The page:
Alumni Spotlight: Avraham Groll
"Helping people research their Jewish roots, connect with relatives, and learn what it means to be part of the Jewish people..."
Avraham Groll is a 2016 graduate of Touro’s Graduate School Of Jewish Studies with a MA in Judaic Studies. He is the Director of JewishGen.org, a non-profit organization affiliated with the Museum of Jewish Heritage devoted to helping people research their Jewish roots, connect with relatives, and learn what it means to be part of the Jewish people. Avraham lives in Passaic, New Jersey with his wife and family.
What is a typical day like for you, and what does your job entail?
Different times of the year will bring a different focus. The periods between the Jewish holidays in the fall, then again around Passover are heavily devoted to fundraising. At other times, it could be meeting with people from other organizations to form new partnerships. Regardless of the time of year, it would not be unusual for me to speak with someone who lives in Canada, Utah, California, Maryland, Florida, Georgia, Israel or even right here in New York. What’s amazing about our donors and volunteers is that even though they come from different backgrounds and possess their own opinions and motivations for their involvement in JewishGen, they all unite for a singular purpose – to preserve our history for future generations.
What was your favorite class or professor at the Graduate School of Jewish Studies and why?
That’s a tough question! Every single professor was engaging, scholarly and offered courses rich in content that continue to inspire me. They also taught me that if you look carefully, many issues of Jewish intellectual history are interconnected. I continue to look back at my notes on a pretty regular basis. Just recently I sent a friend an extract of my notes from a course I took on Jewish martyrdom.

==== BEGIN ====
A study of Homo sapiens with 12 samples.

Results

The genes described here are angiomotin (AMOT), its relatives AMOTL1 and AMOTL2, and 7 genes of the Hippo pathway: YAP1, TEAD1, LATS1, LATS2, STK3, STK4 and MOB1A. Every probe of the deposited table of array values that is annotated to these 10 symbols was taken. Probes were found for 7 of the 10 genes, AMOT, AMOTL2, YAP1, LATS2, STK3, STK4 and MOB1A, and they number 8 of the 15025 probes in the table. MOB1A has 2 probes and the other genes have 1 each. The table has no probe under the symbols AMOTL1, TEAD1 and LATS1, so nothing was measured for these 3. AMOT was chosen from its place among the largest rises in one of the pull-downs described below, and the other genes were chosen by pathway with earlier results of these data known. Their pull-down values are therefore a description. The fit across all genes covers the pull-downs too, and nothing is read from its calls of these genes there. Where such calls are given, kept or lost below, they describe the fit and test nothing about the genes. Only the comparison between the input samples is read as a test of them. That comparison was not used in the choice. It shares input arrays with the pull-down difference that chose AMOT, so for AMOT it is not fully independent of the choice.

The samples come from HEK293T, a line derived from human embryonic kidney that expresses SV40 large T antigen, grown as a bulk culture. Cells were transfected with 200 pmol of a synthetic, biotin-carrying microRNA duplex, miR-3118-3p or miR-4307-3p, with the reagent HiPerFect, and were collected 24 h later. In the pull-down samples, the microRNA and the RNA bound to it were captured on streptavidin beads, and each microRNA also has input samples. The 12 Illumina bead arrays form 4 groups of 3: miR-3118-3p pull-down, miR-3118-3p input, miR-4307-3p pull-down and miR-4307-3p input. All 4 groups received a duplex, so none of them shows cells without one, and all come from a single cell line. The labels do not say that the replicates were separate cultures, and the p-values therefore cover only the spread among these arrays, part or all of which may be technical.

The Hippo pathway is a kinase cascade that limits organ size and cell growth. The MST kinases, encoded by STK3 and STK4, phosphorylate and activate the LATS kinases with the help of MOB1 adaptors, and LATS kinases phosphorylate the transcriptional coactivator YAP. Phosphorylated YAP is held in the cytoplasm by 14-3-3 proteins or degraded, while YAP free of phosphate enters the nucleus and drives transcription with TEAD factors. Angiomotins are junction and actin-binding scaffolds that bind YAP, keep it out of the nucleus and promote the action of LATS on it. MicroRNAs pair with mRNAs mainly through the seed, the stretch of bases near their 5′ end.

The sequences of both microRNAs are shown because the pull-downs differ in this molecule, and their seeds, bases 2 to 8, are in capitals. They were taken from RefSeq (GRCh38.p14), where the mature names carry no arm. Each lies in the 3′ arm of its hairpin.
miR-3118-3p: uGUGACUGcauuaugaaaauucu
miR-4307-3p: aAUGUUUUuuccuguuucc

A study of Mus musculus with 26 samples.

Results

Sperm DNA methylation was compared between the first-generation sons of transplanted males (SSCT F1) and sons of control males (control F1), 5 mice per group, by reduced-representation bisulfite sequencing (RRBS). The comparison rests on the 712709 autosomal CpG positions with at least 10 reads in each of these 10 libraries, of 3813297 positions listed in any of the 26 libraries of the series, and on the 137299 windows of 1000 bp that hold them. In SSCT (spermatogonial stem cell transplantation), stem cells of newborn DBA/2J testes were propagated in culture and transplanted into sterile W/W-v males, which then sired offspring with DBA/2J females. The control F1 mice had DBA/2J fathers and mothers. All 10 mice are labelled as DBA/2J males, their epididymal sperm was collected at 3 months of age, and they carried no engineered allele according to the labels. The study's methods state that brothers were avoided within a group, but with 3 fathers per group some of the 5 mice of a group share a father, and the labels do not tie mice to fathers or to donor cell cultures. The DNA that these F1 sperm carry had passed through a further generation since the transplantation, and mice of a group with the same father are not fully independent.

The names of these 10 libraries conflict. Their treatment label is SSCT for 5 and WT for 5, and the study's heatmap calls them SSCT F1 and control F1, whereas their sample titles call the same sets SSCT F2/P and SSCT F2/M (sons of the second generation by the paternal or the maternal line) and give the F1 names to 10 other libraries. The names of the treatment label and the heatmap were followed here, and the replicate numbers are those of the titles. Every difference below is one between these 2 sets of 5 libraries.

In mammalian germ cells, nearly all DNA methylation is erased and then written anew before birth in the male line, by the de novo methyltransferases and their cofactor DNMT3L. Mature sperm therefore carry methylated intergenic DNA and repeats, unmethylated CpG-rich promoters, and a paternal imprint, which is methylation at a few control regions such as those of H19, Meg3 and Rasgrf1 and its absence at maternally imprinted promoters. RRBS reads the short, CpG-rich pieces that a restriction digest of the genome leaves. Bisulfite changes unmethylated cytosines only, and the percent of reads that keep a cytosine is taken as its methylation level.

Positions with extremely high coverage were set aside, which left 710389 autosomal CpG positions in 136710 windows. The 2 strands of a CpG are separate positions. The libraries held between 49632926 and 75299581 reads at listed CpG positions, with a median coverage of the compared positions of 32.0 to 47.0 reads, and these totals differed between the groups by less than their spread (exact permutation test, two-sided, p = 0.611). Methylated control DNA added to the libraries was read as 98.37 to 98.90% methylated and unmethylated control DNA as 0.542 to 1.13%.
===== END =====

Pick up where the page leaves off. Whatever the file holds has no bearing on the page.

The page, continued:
What is the most surprising way your Touro experience prepared you for your current career?
The Professors taught me to rigorously examine a topic, and not take anything for granted. That has been particularly useful in the field of Jewish family research, which often is infused with myths and false presumptions that have been perpetuated for generations.
Describe the most rewarding experience of your career so far.
It’s difficult to isolate one moment or experience. It is very meaningful to me that our work has helped Holocaust survivors, as the grandson of Holocaust Survivors, who is named for someone who was murdered in Auschwitz.
One day I received a call from an elderly Holocaust survivor in Williamsburg whose husband had just passed away. Her husband, also a survivor, had been separated from his family at a young age, and never knew precisely how old he was. They were married for more than fifty years, and she and her husband had always looked for this information, but because they could not go back to his place of birth to track down his birth certificate, they simply never knew his birthday.
In her community it is their practice to put up a headstone relatively quickly after the funeral, and it occurred to her that a traditional tombstone contained both the person’s date of passing, and the date of birth. She was bothered by the fact that her husband’s tombstone might not have this information, so one of her friends suggested she call JewishGen as a last ditch effort.
When Holocaust Survivors call, we always try to go above and beyond to help and, thank G-d, we were able to identify the town where her husband was born, and then, through a JewishGen volunteer, found an individual who lived near that town to visit the town registrars’ office and get a copy of the birth certificate. The volunteer sent me a photo of the birth certificate just a few days later. When I called the women and told her the birthdate of her husband it was a very emotional experience. The tombstone was engraved the very next week.